ROME – After over 1,000 amendments to Italy’s controversial anti-homophobia bill were proposed last week, a vote on whether to pass the legislation, which has met unprecedented criticism from the Vatican, has been delayed and will likely be postponed until after the summer vacation.

After surviving some significant legal hurdles despite widespread opposition, the bill was smacked with a staggering 1,000 proposed amendments a senate discussion last week, and there is doubt as to whether lawmakers will be able to finish debating the bill.

During last week’s session, Italy’s far right Lega party proposed 700 of the 1,000 amendments, with the rest coming from other rightwing parties such as Forza Italia, and Fratelli d’Italia, as well as the Unione dei Democratici Cristiani e di Centro party.

Just 19 out of 35 planned speakers addressed the senate hall last week, but further discussion was paused so the senate could address other pressing measures that need to be dealt with before the summer break, and so far, a date has not been set for when that discussion will pick back up.

With several senators still waiting to get their word in, and with a vote pending on each of the more than 1,000 amendments, it is unlikely the senate will pick up the Zan bill again until after the August vacation.

Named after Alessandro Zan, the openly gay Italian politician who presented it, the so-called “Ddl Zan” bill seeks to impose legal penalties for discrimination based on sexual orientation and to incorporate gender theory into school curricula.

The Vatican in June made an unprecedented move against the bill by issuing a nota verbale, meaning a formal diplomatic communication, to the Italian government in objection to the bill by citing their status as a sovereign entity.

For the first time publicly known, the Vatican invoked the 1929 Lateran Pacts, which established Vatican City State as a sovereign entity and which governs relations between Italy and the Holy See, to oppose the bill on grounds that the current version was overly generic and could criminalize any articulation of Church teaching on marriage and the family.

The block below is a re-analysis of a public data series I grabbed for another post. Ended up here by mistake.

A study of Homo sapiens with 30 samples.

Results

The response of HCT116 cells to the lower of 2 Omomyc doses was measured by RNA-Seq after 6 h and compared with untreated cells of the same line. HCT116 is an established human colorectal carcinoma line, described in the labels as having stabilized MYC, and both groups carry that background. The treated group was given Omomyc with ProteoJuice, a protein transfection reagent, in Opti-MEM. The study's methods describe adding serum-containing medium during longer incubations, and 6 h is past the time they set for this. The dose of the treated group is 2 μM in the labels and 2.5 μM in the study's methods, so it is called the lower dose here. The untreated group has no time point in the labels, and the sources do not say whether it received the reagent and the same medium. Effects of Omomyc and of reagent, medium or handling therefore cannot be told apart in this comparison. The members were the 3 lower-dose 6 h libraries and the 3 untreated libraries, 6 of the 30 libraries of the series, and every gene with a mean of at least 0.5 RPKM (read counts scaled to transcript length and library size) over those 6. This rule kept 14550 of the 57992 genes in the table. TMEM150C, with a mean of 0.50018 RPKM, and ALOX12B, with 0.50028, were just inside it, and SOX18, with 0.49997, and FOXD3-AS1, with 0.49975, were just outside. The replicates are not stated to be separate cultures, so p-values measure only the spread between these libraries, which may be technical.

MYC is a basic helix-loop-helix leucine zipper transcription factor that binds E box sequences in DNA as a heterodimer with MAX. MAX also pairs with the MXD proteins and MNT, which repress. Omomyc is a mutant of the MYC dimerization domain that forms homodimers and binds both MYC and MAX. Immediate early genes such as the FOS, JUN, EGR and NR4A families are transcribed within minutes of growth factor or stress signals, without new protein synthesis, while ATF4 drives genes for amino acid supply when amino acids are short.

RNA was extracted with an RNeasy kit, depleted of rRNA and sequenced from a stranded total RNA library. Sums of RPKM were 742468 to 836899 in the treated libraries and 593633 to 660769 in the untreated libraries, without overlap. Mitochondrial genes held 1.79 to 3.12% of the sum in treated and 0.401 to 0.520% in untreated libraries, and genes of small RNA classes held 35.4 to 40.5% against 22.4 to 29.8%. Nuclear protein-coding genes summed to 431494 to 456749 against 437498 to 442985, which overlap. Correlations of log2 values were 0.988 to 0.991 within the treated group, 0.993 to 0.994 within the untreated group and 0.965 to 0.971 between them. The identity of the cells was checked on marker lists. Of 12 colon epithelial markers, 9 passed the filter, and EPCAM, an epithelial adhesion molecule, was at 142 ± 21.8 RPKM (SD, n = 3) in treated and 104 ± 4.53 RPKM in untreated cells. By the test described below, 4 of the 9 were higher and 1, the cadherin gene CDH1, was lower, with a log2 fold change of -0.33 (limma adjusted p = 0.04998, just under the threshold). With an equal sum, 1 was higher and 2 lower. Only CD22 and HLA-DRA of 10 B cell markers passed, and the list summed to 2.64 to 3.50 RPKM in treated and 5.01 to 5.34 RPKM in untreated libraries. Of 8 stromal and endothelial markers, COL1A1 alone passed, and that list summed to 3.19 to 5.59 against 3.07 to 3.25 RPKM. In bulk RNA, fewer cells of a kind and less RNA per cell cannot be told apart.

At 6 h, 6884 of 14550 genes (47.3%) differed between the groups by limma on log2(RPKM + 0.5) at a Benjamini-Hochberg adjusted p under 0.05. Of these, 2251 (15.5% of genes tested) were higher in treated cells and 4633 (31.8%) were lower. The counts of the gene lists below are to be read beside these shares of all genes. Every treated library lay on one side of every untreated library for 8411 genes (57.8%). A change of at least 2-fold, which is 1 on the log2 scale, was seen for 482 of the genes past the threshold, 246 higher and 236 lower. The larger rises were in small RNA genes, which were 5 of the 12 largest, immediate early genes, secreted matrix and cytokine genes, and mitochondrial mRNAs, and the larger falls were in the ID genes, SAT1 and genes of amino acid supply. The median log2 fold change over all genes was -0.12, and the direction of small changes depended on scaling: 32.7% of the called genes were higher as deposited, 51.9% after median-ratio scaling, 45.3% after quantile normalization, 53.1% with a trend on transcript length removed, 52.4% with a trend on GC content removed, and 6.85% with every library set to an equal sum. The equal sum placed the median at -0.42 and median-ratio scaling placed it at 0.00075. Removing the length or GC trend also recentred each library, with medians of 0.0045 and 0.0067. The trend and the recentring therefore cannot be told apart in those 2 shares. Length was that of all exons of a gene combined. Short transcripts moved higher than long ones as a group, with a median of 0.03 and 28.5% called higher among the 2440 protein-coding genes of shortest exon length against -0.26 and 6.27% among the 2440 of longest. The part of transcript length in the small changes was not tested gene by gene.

The bill was approved by the lower chamber of the Italian parliament in November and is now before the senate. Earlier this month, Italian lawmakers voted 136-124 that the bill was not unconstitutional.

Now, each of the proposed amendments must be voted on before a vote ratifying the bill itself into law can take place.

Barring any major developments, those votes will likely be postponed until September, after the summer vacation – something opponents of the bill hope will kill the bill entirely, a fear shared by some of its advocates.

During last week’s discussion, Massimiliano Romeo, senate leader of the rightwing Lega party which presented 700 of the 1,000 amendments, implied they are still willing to negotiate, saying, “If there is dialogue, the Lega is ready to withdraw most of the amendments presented to the Zan Bill. If, on the other hand, the Democratic Party continues to want a fight, it will destroy the law and the protection of the rights of thousands of people.”

However, supporters of the bill refused the offer, with Italian Senator Elio Vito of the leftwing Forza Italia party accusing the Lega of trying crush the bill, saying that given the vast amount of proposed amendments and other steps taken to slow down the process, “it is evident that in these conditions mediations are not possible.”

Italian Senator Davide Faraone of the Italia Viva party voiced frustration with the stalling of the process, saying, “we note that unfortunately tension for the approval of the Zan bill in the Senate has eased. We have proposed the discussion as early as next week to approve the provision before the summer. We hope that all groups welcome our request positively.”

So far, Faraone’s proposal has not been accepted, and it is unlikely the bill and each of the 1,000 proposed amendments will be voted on before business as usual is suspended for the summer holidays.